The West Bank is under Israeli occupation [Getty]

Date of publication: 2 September, 2019

The number of building permits Israel has granted to Palestinians in the occupied territories has decreased by 14 percent in the second quarter of 2019.

A total of 2,241 building licenses were issued in the occupied Palestinian territories in the second quarter of 2019, which included 1,358 for new buildings, the Palestinian Central Bureau of Statistics said on Monday.

The new statistics show a 14 percent decrease in the number of permits granted to Palestinians, compared to the first quarter of the year.

The lack of permits means Palestinians are subject to demolitions of their homes and businesses as Israel continues its project to ultimately annex the West Bank.

In some cases, Israel forces Palestinians to demolish their own buildings, imposing heavy taxes on those who refuse.

Traditionally, Palestinians officiated land ownership through the leader or the head of a village, known in Arabic as a Mukhtar.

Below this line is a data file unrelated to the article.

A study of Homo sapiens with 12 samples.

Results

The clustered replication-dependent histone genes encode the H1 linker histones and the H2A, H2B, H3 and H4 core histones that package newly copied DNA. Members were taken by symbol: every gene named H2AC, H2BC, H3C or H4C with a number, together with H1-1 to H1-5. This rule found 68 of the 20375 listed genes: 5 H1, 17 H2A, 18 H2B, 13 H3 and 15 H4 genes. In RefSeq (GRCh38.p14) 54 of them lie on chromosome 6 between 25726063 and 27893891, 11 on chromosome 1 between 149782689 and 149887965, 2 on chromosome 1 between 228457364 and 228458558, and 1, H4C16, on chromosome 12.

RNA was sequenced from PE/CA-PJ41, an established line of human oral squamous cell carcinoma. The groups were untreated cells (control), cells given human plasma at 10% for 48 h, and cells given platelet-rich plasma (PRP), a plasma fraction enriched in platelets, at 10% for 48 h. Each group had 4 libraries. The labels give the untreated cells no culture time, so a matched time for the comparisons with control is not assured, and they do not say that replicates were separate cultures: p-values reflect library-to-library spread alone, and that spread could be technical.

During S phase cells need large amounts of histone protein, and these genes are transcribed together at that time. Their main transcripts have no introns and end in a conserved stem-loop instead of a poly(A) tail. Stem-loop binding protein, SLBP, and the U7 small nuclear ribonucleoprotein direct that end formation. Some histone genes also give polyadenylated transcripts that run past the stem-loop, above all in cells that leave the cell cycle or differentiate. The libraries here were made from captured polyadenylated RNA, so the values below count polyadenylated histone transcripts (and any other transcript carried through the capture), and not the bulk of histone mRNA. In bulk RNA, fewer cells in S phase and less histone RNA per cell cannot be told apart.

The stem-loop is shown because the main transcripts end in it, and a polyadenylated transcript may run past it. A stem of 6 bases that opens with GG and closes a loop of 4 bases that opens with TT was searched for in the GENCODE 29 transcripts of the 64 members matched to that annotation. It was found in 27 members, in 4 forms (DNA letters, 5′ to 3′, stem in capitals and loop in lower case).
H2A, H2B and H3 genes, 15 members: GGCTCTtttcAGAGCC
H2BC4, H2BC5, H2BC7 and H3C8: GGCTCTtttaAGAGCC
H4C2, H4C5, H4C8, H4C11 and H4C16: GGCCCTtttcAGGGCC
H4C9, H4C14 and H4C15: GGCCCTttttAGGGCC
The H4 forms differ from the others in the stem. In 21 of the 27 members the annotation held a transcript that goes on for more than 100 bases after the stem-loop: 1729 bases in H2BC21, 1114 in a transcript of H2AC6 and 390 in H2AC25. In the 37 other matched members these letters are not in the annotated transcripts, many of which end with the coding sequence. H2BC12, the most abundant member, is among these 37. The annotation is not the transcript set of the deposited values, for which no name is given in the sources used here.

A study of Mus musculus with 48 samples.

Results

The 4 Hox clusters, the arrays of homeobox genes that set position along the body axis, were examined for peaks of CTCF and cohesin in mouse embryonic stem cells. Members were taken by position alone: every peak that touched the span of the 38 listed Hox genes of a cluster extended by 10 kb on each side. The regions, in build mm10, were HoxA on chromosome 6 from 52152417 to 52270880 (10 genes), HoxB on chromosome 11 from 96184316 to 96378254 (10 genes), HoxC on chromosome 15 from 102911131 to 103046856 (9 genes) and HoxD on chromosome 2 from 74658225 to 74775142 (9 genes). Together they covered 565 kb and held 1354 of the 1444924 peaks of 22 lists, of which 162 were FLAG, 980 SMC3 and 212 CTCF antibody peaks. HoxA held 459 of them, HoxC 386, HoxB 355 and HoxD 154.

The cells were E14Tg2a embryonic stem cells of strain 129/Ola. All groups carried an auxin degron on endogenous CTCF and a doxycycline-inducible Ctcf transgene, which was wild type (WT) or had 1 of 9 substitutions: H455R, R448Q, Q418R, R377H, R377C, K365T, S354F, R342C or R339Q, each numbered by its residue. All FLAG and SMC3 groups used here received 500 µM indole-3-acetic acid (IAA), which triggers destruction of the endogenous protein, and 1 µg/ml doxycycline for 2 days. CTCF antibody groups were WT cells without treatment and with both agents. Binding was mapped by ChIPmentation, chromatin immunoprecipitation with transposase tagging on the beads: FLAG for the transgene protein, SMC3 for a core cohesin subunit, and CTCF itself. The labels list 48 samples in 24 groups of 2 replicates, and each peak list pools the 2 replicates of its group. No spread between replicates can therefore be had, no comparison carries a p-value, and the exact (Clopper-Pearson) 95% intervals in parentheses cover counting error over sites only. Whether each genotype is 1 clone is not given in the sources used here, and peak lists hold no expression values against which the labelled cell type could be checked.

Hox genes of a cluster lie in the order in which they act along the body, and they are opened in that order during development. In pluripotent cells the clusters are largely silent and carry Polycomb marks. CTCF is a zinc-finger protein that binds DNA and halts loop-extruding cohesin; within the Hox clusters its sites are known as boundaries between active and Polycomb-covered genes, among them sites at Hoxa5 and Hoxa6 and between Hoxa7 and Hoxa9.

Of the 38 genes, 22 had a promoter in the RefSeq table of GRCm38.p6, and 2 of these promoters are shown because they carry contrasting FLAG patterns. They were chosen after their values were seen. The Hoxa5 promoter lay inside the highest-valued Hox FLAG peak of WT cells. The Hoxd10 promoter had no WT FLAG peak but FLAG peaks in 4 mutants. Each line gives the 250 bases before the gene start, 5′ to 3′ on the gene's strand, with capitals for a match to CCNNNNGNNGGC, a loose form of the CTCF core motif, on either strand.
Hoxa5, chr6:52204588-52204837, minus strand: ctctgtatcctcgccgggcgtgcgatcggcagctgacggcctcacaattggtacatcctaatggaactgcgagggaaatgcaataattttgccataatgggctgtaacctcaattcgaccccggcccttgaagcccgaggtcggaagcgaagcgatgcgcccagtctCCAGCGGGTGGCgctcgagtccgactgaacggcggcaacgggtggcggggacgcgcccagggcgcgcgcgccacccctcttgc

With Israel refusing to recognise Palestinian ownership through traditional means, Palestinians have  resorted to applying for building permits to officiate their ownership of their own land from Israeli authorities.

Refusing permits essentially means Israel refuses to recognise Palestinian rights to their homes in the occupied West Bank.

Not having a permit puts Palestinians at risk of eviction, demolitions and in some cases being forced to destroy their own homes and businesses.

The building permits are charged at extortionate prices and are unaffordable for most Palestinians, creating a legal loophole for Israel to annex more land and to leave Palestinians in limbo by preventing them from developing infrastructure.

Four out of five of Palestinians in occupied East Jerusalem live under the poverty line, and applying for building permits comes with various taxes and fees amounting to tens of thousands of dollars.

Between 2010 and 2014, only 1.5 percent of all Palestinian building permit applications across the occupied West Bank were approved by Israel, according to the UN.

The cost of a permit for a single home is estimated to be in the region of $30,000.